With shares trending lower, is Canopy Growth (NYSE:CGC) stock a buying opportunity? Don’t even think about it.
The company may be making smart moves restructuring its operations, but don’t expect upside anytime soon. The “Cannabisphere” remains a hot mess, to say the least. Canopy may be faring better than competitors like Aurora Cannabis (NYSE:ACB), but the better-capitalized pot stock is not immune to industry headwinds.
There remains too much supply and nowhere near enough demand. “Cannabis 2.0” hasn’t set the world on fire. Even the possibility of U.S. pot legalization remains a long-shot. The Trump administration remains against U.S. Federal legalization. And Democratic front-runner Joe Biden is on the fence (at best) regarding the issue.
So, what’s the verdict? Sell Canopy as shares head lower? A breadcrumb of good news could send shares higher. Yet, today’s turbulent market is looking for reasons to sell rather than reasons to buy. In other words, there’s no reason to take a contrarian position in this broken “story stock.”
Recent Developments and CGC Stock
Whether the Canadian market improves or not, cutting production is a step in the right direction. As this Seeking Alpha contributor recently discussed, the company’s marijuana harvest levels continue to exceed sales. The gap between production and sales may be getting smaller. But, overcapacity remains a top issue.
New CEO David Klein is doing what he can to reduce the company’s cash burn. Constellation Brands (NYSE:STZ), Canopy’s largest shareholder, installed Klein (their former CFO) early this year to clean up house. Many factors are out of the company’s control. But, with improved financial discipline, Canopy Growth stands a better chance of weathering the storm.
As Investorplace’s Ian Bezek discussed February 25, expect further cost cutting. Typically, cutting costs can only go so far. Yet in this case, right-sizing the business could work out. With the company’s revenues continuing to grow, rationalizing the scale of the business could finally bring the company to profitability. If that were to happen, it would definitely move the needle for CGC stock.
With shares down more than 70% from their 52-week high, shares could pop on just a whiff of improvement. With markets reeling and the specter of cooling economic growth, is today the time to buy Canopy stock?
The answer remains, “no.” Canopy may be finally on the road to profitability (or at least positive EBITDA.) But valuation remains sky-high and there’s plenty of downside from here.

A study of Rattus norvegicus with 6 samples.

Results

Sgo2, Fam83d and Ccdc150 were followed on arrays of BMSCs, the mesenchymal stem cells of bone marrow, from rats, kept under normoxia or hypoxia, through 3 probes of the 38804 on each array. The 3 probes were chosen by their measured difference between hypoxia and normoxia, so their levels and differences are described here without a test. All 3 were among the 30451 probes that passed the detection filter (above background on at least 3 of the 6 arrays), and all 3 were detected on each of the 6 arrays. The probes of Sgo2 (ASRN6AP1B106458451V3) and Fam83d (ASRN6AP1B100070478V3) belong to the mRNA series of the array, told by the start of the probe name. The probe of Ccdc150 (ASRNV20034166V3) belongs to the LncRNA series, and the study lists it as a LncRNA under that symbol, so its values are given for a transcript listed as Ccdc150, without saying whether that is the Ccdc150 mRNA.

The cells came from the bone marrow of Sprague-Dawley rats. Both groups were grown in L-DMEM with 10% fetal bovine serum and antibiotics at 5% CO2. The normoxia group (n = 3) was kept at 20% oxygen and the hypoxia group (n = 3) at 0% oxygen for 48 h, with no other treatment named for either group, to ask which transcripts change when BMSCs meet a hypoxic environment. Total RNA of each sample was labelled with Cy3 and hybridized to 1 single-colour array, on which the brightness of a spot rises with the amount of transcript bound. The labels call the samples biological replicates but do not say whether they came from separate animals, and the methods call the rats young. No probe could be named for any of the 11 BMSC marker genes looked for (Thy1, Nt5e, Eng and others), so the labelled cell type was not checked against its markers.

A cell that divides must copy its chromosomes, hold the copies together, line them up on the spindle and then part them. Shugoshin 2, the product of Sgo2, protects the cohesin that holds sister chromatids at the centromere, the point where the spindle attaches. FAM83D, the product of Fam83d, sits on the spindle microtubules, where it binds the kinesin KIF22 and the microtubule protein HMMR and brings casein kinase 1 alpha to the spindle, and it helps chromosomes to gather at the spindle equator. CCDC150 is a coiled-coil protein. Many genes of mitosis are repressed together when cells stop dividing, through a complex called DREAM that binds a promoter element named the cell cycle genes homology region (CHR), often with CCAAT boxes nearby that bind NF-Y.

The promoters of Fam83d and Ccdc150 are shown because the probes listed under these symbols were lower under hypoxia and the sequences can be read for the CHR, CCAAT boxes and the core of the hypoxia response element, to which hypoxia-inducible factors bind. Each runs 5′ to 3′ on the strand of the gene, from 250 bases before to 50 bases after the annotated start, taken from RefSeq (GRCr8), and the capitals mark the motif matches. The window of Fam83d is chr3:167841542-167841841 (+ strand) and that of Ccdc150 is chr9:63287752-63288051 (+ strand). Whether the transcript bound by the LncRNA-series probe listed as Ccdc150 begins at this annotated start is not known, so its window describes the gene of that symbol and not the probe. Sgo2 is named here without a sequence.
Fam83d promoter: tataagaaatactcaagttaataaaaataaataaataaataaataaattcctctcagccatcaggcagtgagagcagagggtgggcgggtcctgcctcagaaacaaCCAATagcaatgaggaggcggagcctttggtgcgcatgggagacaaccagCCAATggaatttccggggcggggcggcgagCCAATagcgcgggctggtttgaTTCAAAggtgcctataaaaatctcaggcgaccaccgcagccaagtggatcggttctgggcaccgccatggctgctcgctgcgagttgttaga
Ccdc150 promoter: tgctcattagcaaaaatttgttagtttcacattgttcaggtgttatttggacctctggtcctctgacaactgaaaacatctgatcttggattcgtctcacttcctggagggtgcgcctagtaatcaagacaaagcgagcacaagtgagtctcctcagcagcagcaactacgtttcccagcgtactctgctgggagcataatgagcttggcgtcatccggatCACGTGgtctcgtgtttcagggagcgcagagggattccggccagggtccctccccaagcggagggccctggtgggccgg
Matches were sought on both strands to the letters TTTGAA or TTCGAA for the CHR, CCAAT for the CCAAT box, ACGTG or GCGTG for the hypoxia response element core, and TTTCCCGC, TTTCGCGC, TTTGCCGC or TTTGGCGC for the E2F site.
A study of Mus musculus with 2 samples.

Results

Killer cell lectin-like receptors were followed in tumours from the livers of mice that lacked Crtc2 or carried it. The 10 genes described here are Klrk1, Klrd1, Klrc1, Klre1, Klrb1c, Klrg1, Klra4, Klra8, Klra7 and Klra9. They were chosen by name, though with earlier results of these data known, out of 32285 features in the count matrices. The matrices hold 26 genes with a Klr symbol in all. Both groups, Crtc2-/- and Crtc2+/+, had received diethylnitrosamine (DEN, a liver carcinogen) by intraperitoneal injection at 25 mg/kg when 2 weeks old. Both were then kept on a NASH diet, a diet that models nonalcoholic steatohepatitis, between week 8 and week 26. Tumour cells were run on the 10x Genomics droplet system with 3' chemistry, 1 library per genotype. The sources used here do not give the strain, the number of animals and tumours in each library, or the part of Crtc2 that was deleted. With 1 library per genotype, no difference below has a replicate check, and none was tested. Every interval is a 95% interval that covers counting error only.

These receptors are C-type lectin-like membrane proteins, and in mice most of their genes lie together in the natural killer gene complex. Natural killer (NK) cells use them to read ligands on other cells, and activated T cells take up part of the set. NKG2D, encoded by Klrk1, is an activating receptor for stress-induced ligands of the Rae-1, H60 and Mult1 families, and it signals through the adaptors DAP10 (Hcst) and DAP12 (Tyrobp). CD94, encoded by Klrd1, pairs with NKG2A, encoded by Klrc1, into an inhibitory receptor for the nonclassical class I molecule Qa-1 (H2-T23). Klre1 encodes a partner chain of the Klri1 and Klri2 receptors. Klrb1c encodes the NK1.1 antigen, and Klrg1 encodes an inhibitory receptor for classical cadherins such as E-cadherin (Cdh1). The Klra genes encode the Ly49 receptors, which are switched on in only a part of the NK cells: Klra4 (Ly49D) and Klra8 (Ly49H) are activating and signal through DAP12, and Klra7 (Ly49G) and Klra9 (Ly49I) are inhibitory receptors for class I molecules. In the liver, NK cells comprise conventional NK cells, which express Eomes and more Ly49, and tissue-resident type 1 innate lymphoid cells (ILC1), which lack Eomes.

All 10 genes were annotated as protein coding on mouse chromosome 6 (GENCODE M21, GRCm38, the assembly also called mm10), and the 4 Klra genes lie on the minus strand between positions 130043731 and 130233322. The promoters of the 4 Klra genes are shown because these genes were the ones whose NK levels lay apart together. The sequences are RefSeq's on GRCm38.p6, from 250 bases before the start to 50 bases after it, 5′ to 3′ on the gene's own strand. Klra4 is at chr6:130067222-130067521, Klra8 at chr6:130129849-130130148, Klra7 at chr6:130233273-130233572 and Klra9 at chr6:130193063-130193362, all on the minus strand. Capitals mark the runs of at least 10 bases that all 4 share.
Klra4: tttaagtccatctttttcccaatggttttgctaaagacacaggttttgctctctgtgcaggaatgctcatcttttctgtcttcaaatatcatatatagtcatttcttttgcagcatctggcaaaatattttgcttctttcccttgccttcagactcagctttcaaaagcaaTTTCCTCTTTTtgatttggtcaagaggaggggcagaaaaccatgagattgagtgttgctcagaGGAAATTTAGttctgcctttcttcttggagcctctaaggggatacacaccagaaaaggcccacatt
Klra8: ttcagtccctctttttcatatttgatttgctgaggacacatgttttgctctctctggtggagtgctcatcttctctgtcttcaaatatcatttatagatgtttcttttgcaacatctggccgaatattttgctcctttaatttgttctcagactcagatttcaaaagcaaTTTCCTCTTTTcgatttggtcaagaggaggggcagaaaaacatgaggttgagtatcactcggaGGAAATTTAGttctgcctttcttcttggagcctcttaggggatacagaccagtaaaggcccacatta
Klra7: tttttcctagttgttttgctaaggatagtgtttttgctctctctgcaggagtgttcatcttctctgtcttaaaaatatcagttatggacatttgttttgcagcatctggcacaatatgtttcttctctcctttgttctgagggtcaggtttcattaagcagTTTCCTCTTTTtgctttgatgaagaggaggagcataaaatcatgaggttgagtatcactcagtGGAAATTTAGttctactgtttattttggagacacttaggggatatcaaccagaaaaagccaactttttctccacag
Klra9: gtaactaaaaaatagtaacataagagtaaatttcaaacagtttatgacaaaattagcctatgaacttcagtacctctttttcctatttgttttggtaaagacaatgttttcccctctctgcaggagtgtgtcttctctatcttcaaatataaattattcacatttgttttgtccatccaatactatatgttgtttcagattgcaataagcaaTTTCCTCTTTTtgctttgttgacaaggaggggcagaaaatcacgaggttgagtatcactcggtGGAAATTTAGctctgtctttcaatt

Valuation Makes Canopy A Sell
Pot stock valuations may be less frothy than they were a year ago. But, shares remain richly-priced considering industry uncertainty. Given their unprofitability, the enterprise value/sales (EV/Sales) ratio continues to be a key valuation metric.
CGC stock trades at an EV/Sales ratio of 14.6. While this is well below Cronos Group’s (NASDAQ:CRON) EV/Sales ratio of 20.6, it’s still well above valuations for Aurora, Tilray (NASDAQ:TLRY), and Hexo (NYSE:HEXO).
The latter three pot stocks have EV/Sales ratios well under 7. In other words, shares could fall by 50% before becoming fairly priced to peers. Of course, this may not be apples-to-apples. As I’ve mentioned before, the company and Cronos have higher valuations thanks to their deep-pocketed backers. Constellation, of course, in the case of CGC. Altria Group (NYSE:MO) in the case of Cronos.
The war chest provided by these blue-chip partners give both names more wiggle room. Yet, cash burn is reducing this edge. Until both companies post positive cash flow, shares could head to lower prices.
Canopy’s management is doing the right thing. But we can’t expect a turnaround to happen overnight. And with shares trading at a sharp premium to peers, why bet on a turnaround if you don’t get a discount for the risks?
Near-Term, Don’t Buy This Falling Knife
Bottom Line: now’s not the time to invest in CGC stock. The company’s new management may be making the right moves. But, it could be a while before we see the benefits. In the meantime, with markets trending lower, investors are looking for reasons to sell stocks, not buy them.
With Constellation’s backing, I don’t expect the stock to hit zero anytime soon. Soon enough, we may see shares hit a “fire sale” valuation. At that point, the stock could be a great contrarian play. But until then, Canopy remains a clear sell.
Thomas Niel, contributor to InvestorPlace, has been writing single-stock analysis for web-based publications since 2016. As of this writing, Thomas Niel did not hold a position in any of the aforementioned securities.